Magnolia Roots The Curse of Ham

It seems we started off wrong ‘cause of somebody named Ham. And so, we are damned to be water-bearers and woodchoppers and servants because, all of a sudden, we are black with blood curses. We arrive here in trouble. Everybody else starts out with a new soul, only we come here with the curse of Ham around our necks. No purity for us. Christ didn’t get around to it (Virginia Writers Project, 1940. 93).
Photography provided courtesy of Infinite Inquiry Inc., all rights reserved.

On most plantations slaves were not allowed to sing African songs, dance African dances, or speak African languages. The practice of conjuration was universally outlawed. The very word ‘African’ was meant to invoke the image of ignorant savagery and the words ‘black’ and ‘dark’ (as in darkey) carried connotations of evil, immorality, and ugliness. Blacks were taught that their skin was ugly, that their lips and noses were unaesthetic and malformed, and that they carried a natural smell that was offensive. Like sheep, Negros did not have hair but wool… (Erskine 2014, 105).

Still, what every kindergartner should know perpetuates the magnolia myth at its earliest stages of the Core Knowledge Series (Hirsh, 1996).

Analysis of existential situations of oppression reveals that their inception lay in an act of violence - initiated by those with power. This violence, as a process, is perpetuated from generation to generation of oppressors, who become its heirs and are shaped by its climate (1970).

Humanity is a 'thing,' and they possess it as an exclusive right, an inherited property.

For them, having more is an inalienable right, a right they acquired through their own 'effort,' with their 'courage to take risks.'

To surmount the situation of oppression, people must first critically recognize its causes, so that through transforming action they can create a new situation, one which makes possible the pursuit of a fuller humanity.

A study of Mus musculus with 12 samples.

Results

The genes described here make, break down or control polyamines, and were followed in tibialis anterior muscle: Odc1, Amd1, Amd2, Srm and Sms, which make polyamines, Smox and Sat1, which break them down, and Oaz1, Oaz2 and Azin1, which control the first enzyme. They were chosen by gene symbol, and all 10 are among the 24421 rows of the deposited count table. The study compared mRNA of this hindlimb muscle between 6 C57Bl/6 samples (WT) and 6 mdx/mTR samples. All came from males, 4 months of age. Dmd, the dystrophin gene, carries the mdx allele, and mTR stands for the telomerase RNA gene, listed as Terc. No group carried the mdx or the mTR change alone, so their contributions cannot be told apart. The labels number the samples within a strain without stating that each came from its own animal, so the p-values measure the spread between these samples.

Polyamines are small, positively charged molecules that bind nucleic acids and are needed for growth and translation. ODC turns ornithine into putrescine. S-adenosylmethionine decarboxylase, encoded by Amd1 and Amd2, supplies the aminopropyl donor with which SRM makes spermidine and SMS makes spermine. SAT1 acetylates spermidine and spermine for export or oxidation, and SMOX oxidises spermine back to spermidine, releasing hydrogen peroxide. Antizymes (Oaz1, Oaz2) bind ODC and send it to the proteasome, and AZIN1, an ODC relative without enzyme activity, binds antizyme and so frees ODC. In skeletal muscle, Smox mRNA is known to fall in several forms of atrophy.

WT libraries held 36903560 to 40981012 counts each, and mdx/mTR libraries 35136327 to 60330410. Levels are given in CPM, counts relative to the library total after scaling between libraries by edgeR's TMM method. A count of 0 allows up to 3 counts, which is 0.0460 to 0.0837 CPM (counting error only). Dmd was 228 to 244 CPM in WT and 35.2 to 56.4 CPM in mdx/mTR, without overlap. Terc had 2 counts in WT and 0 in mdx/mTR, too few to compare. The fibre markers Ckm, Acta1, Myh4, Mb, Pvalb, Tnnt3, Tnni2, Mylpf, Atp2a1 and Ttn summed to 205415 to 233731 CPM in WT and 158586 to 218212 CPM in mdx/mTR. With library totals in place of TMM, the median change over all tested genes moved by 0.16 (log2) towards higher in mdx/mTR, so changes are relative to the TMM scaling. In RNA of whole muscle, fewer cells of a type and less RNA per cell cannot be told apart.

The oppressed, having internalized the image of the oppressor and adopted his guidelines, are fearful of freedom. Freedom would require them to eject this image and replace it with autonomy and responsibility.
Created By
M.A. Lucas-Green
Appreciate

Credits:

M.A. Lucas-Green (web arrangement) A.T. Lucas (Atlanta panoramic still) K.E. Green (footage of 2012 Air Force JROTC Armed Exhibition Champions - Mundy's Mill High School: Cadet Col. C.L. Swinney III D.R. Boyles (Considering Hermeneutics: Hermes, Teachers, and Intellectualism, 1994) L. Code (Ecological Thinking: The Politics of Epistemic Location, 2006) P. Freire (Pedagogy of the Oppressed, 1970) M. Mitchell (Gone with the Wind, 1936) W.E.B. DuBois (The Souls of Black Folk, 1903) J.E. King (Black Education: A Transformative Research and Action Agenda, 2005) Z. Muhammad (Faith and Courage to Educate Our Own: Reflections on Islamic Schools in the African American Community, 2005) C.D. Lee (The State of Knowledge About the Education of African Americans, 2005) J.J. Ellis (American Sphinx, 1996) A. Gordon-Reed (The Hemingses of Monticello) J.W. Loewen (Lies My Teacher Told Me: Everything Your American History Textbook Got Wrong. 1995) The Shop: Monticello (Magnolia Virginiana, 2010) S. Huff (Moonlight and Magnolias: Myth as Memory, 2000) T.D. Fallace (Dewey and the Dilemma of Race: An Intellectual History 1895-1922, 2011)

Report Abuse

If you feel that this video content violates the Adobe Terms of Use, you may report this content by filling out this quick form.

To report a Copyright Violation, please follow Section 17 in the Terms of Use.